Glen Moody has always loved books. And to celebrate his 40th year in business in Kingsport, he took a stroll down memory lane to share some of the history behind Moody’s I Love Books.
Moody says his love affair with books began when he was about 8 years old, a third-grade pupil intensely interested in baseball.
“When I was in third and fourth grade, our classroom had a bookcase in it. Probably half of the books were sports biographies,” he said. “This was 1960, when third-graders were the ones who traded sports cards, not 50-year-olds.”
Naturally, he read them all, he said. He did the same in fifth grade, when the classroom library had another set of 50 books to tackle: the Danny Orlis adventure series. When he had the opportunity, he’d walk four miles to the local library to read the books there.
“For much of my childhood, of course we worked in that day and time,” he said, “but when I could get the opportunity, I would walk from where we lived over in Cooks Valley to the library downtown and spend my Saturdays at the library.”
By 16, he had gone into business selling Bibles door-to-door – the main method by which they were distributed back then. It was 1967, and Moody loved books.
“I don’t remember exactly how,” he said, “but somewhere between ages 16 and 18, I acquired 3,000 to 4,000 books.”
From that teenage bedroom lined with bookshelves, he went on to attend Graham Bible College and worked in the college bookstore in Bristol. After attending seminary in Chicago, he went to work for his brother-in-law, who owned a bookstore in Kingsport. While working in that bookstore, he said, “It just kind of got into my blood.”
In June of 1974, he got married and opened his own bookstore. His brother-in-law’s store was eventually closed, but Moody is now entering his 40th year in business.
“We got married on a Saturday, and opened the bookstore on Monday,” he said. “Life has been a bowl of cherries ever since.”
Moody said he’s seen a lot of changes in the book business over the years. In the 1970s, books were big, he said – and most bookstores were small, local businesses. In little more than a decade, he expanded his one store to four: two in Kingsport, one in Bristol and one in Johnson City.
But then the book business began to take a dive, a trend whose beginnings he traces to February of 1987. He blames a variety of economic factors, from the consolidation of many industries through merger and acquisition to the impact of the first Gulf War.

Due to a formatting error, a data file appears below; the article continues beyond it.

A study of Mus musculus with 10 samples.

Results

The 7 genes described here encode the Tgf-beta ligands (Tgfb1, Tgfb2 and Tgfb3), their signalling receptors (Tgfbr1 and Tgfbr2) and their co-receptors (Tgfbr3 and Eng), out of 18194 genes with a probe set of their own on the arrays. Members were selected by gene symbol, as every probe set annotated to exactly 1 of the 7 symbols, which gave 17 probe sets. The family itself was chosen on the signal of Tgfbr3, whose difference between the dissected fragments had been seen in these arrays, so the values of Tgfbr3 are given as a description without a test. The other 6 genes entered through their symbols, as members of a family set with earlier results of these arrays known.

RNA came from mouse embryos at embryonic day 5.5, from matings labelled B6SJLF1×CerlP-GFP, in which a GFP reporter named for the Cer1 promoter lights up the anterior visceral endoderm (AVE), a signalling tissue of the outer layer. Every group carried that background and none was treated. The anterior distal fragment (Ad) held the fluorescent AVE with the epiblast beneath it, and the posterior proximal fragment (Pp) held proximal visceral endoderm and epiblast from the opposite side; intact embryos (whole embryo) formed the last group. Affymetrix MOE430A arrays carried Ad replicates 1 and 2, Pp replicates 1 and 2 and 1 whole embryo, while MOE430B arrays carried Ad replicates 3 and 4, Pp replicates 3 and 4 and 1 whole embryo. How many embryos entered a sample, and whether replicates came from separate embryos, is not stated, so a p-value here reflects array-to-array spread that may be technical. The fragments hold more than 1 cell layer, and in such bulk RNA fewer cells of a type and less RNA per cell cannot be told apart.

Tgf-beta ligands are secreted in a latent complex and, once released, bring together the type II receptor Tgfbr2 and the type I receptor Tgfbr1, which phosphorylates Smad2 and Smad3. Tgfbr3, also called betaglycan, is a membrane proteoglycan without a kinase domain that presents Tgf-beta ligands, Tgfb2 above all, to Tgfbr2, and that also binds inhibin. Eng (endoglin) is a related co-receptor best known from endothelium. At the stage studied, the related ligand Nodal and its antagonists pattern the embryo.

With a shift toward big chain bookstores, he said, the focus became less on books and more on profit margin. The book business was struggling, and in 1991 he closed all of his stores but one. It was part of a trend, he said, that saw 95 percent of U.S. bookstores close their doors in a mere 20 years.
As online book sales took market share from the big-box bookstores, he had the opportunity to sell books that way, which he continues to do along with running his retail store in the Fort Henry Mall. These days, he said, the book business is still tough – but he sees hope in all the children who visit his store.
“The kids are less fascinated with technology and more fascinated with books,” he said.
Even with business seemingly tougher every year, he said independent bookstores like his are making a comeback with a focus on customer service and a “curated” selection of books unique to the bibliomaniac who sells them.
Moody’s I Love Books boasts more than 120,000 volumes, some new and many used - from top-selling books on television series "Duck Dynasty" and UT basketball legend Pat Summitt to local-interest stories from self-published author Jason Moore.
“Independent bookstores are run by people who know books,” he said. “We’re not as interested in making money as in selling books, helping people find the books that they need.”